Back in Neil Young’s day they used to walk 15 miles in the snow just to listen to a record at the local music shop, or maybe not. But that hasn’t stopped the music icon from looking back on the ‘good old days’ and trashing the current state of music.
But it isn’t the music that’s being released that Young has a problem with, although we’re sure there’s more than a few modern artists that don’t exactly float his boat. Instead Young has the common MP3 firmly in his sights.
Speaking to MTV in Utah where he is currently promoting documentary ‘Neil Young Journeys’, the 66-year-old singer songwriter admitted that he has “a little bit of trouble with the quality of the sound of music today. I don’t like it. It just makes me angry.”
“Not the quality of the music,” he continues. “But we’re in the 21st century and we have the worst sound that we’ve ever had. It’s worse than a 78 [rpm record]. Where are our geniuses? What happened?” Young goes on to argue that MP3s feature only 5 percent of the data from an original master file.
“If you’re an artist and you created something and you knew the master was 100 percent great, but the consumer got 5 percent, would you be feeling good?” he asked. “I like to point that out to artists. That’s why people listen to music differently today.”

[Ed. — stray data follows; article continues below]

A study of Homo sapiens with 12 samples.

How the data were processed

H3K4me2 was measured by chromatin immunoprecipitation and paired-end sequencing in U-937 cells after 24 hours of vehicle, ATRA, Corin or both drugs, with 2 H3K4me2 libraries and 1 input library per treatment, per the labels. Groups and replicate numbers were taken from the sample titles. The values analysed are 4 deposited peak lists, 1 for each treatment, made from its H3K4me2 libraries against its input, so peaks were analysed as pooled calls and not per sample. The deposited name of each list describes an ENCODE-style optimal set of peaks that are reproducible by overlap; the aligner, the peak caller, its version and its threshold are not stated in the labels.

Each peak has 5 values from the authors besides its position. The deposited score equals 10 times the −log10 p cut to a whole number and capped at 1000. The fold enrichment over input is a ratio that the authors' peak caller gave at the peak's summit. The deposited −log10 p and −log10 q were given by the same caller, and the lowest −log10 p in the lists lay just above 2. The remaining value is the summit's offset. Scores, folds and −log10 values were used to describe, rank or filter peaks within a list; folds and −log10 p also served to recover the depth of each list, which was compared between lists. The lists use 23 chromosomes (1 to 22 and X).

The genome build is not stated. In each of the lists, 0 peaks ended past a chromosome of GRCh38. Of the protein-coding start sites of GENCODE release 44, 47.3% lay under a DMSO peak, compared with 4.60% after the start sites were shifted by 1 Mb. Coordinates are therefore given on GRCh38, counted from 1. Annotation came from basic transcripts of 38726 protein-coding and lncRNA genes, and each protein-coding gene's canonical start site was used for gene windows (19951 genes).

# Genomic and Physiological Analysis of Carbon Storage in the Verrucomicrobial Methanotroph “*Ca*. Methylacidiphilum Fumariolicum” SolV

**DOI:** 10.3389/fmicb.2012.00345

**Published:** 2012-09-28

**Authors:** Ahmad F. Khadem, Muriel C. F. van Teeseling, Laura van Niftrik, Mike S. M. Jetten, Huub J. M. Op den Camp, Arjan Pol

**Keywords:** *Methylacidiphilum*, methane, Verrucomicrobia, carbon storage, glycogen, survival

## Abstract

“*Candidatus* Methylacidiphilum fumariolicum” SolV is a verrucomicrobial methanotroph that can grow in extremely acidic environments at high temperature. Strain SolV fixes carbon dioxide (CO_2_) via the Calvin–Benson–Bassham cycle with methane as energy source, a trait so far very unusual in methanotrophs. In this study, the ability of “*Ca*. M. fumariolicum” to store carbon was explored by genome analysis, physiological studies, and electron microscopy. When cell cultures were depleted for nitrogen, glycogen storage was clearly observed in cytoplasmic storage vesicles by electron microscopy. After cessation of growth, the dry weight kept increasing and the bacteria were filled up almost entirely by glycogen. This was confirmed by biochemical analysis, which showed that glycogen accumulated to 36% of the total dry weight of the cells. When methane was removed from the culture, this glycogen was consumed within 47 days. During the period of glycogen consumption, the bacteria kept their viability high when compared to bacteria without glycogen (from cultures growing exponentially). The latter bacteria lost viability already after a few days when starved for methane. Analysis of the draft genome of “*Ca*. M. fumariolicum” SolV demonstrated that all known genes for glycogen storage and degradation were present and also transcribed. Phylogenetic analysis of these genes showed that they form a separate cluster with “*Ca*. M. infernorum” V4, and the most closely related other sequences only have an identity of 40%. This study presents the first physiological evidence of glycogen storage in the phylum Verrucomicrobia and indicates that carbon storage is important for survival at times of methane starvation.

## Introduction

“It’s all about the bottom and the beat driving everything, and that’s because in the resolution of the music, there’s nothing else you can really hear. The warmth and the depth at the high end is gone. It’s like Occupy Music — the 5 percent, that’s who we are now. We used to be the hundred percent!”
Fans of Young and his group Buffalo Springfield have been eagerly awaiting news on a world tour that was announced mid-2011 but then postponed until around now. Industry insiders are pointing towards the end of 2012 as a probable timeframe.
In an interview with Rolling Stone last year, bandmate Richie Furay’s manager said “This delay happened for a multitude of reasons, The plan is still to tour next year. There’s not a timeline at this point. Buffalo Springfield is at the top of Neil’s list of priorities. It’s just a matter of finding a time that works for everybody.”